SHOWING OTHER FAMILIES THERE IS HOPE
By Lindsay Gordon-Faranda
A routine visit to the pediatrician proved anything but when Eve’s doctor felt a lump in her abdomen. An ultrasound revealed masses in her kidneys. Her stunned parents were told to visit a pediatric oncologist immediately. Her pediatrician recommended Duke Children’s, as his own son had been treated there during a cancer scare.
Eve was admitted in October 2009. Tests revealed that she had Wilms’ tumor, a rare kidney cancer that primarily affects children. Even more unusual was that both of Eve’s kidneys were affected.
"The day of Eve's diagnosis was the worst day of my life. Hearing the word ‘cancer’ in the same sentence as your child is jarring. Every day after that was better because Duke had a plan,” says Eve’s mother, Christy.
The physicians at Duke Children’s started Eve on an aggressive chemotherapy regimen. One of her mother’s saddest memories from this time was having to use gloves to change Eve’s diapers because the treatment made her urine so toxic.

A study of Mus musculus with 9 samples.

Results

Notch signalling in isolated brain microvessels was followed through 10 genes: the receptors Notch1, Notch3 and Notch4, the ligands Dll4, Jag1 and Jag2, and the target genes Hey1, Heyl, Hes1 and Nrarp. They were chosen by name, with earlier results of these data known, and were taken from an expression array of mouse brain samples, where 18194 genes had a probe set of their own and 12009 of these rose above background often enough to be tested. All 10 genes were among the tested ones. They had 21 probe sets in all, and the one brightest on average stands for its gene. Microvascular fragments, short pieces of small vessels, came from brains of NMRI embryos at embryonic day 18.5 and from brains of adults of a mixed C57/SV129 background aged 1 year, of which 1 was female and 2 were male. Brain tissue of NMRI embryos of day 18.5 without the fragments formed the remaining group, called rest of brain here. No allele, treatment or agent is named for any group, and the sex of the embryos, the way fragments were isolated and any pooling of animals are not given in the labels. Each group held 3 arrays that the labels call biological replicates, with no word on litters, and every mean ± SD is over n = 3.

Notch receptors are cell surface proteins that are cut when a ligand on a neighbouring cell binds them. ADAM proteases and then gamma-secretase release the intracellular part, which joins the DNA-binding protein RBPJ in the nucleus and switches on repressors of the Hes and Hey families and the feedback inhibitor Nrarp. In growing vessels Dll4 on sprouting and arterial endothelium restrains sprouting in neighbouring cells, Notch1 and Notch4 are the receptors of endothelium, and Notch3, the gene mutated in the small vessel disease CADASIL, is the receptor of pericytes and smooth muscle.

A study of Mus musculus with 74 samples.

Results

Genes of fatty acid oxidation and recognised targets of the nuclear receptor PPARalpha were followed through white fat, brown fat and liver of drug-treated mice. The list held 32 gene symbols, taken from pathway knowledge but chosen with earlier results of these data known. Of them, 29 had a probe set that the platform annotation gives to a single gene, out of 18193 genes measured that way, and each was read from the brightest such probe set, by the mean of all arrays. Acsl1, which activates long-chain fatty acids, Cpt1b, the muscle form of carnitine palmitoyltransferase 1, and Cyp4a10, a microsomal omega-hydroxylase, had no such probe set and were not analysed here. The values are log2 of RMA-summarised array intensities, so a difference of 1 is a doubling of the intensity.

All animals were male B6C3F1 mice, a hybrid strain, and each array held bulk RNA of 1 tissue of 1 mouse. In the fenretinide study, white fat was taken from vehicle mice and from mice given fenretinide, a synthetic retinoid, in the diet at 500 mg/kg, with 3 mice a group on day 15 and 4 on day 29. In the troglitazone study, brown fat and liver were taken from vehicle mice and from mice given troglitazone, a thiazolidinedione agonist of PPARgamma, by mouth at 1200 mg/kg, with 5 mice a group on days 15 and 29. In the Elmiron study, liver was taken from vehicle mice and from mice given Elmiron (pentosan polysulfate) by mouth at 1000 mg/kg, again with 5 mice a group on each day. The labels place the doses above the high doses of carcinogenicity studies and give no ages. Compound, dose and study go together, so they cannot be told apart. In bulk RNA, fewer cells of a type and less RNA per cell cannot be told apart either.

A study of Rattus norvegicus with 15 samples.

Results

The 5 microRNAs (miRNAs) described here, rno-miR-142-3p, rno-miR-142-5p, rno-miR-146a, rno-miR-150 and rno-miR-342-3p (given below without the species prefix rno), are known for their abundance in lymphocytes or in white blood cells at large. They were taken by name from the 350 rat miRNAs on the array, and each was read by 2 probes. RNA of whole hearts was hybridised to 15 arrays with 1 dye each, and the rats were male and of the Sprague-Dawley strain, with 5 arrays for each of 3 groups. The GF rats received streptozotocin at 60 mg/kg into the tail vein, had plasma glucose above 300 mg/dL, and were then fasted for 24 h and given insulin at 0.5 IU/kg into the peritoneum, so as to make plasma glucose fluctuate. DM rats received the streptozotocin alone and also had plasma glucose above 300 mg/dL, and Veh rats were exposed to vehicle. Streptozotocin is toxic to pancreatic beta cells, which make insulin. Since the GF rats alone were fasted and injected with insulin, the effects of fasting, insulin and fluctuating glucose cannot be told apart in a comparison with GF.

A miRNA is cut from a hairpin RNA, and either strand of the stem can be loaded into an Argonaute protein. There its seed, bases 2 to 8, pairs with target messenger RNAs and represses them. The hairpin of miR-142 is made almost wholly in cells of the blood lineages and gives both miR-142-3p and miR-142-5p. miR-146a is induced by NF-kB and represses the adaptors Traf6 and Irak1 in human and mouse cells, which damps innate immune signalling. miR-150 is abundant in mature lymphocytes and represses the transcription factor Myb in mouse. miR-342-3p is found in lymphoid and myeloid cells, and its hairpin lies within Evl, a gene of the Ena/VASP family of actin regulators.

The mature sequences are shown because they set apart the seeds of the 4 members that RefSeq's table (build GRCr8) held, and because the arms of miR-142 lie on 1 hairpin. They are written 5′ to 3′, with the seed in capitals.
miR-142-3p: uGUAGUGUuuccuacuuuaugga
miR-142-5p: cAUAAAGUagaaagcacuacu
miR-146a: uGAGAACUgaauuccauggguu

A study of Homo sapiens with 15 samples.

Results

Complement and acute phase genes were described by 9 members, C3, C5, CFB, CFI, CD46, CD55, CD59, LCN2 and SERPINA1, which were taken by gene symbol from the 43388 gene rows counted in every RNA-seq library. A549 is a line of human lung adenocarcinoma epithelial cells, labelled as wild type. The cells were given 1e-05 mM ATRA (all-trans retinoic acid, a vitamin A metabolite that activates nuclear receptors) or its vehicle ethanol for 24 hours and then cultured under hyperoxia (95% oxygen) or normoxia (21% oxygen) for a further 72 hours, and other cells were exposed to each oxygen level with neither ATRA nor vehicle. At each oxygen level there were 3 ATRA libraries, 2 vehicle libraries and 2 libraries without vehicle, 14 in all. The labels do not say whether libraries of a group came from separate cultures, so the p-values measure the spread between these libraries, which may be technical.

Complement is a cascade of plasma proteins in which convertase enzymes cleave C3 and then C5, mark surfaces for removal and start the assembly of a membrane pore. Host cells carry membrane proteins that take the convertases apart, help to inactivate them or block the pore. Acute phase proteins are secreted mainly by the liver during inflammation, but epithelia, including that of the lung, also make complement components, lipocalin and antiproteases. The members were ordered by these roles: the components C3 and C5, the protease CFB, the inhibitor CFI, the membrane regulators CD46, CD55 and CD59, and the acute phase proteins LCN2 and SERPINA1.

After several months of chemotherapy, Eve had surgery to remove most of her kidneys. More months of chemotherapy and radiation followed.
It was during this period that Eve’s family experienced what makes Duke Children’s so special. The nurses brought Eve gifts for special occasions. The oncologists were always available to answer questions. Christy says, “This was the most comforting thing we experienced.”
Eve and her family never lost their sense of humor. After being discharged from inpatient treatment, Eve started wearing tutus to every follow-up appointment. And when her chemotherapy port was removed, her family decorated it with glitter and turned it into a Christmas ornament. Eve continued to visit Duke Children’s every three months for scans— always wearing her trademark tutu.
Six years after her diagnosis Eve was declared completely cancer free. The milestone was bittersweet: Eve and her family were elated by the news, but sad to say farewell to the staff at Duke Children’s, who had become like family.
Eve, now eleven and in the fifth grade, only has to visit the cancer survivorship clinic once a year for growth monitoring and labs. She loves to dance, math, and eating tacos—all the normal activities any healthy kid can do. Kids like her are the reason the physicians, caregivers and researchers at Duke Children’s work so tirelessly--to provide hope and healing to every family.
Because of Duke Children’s my child can show other parents that there is hope.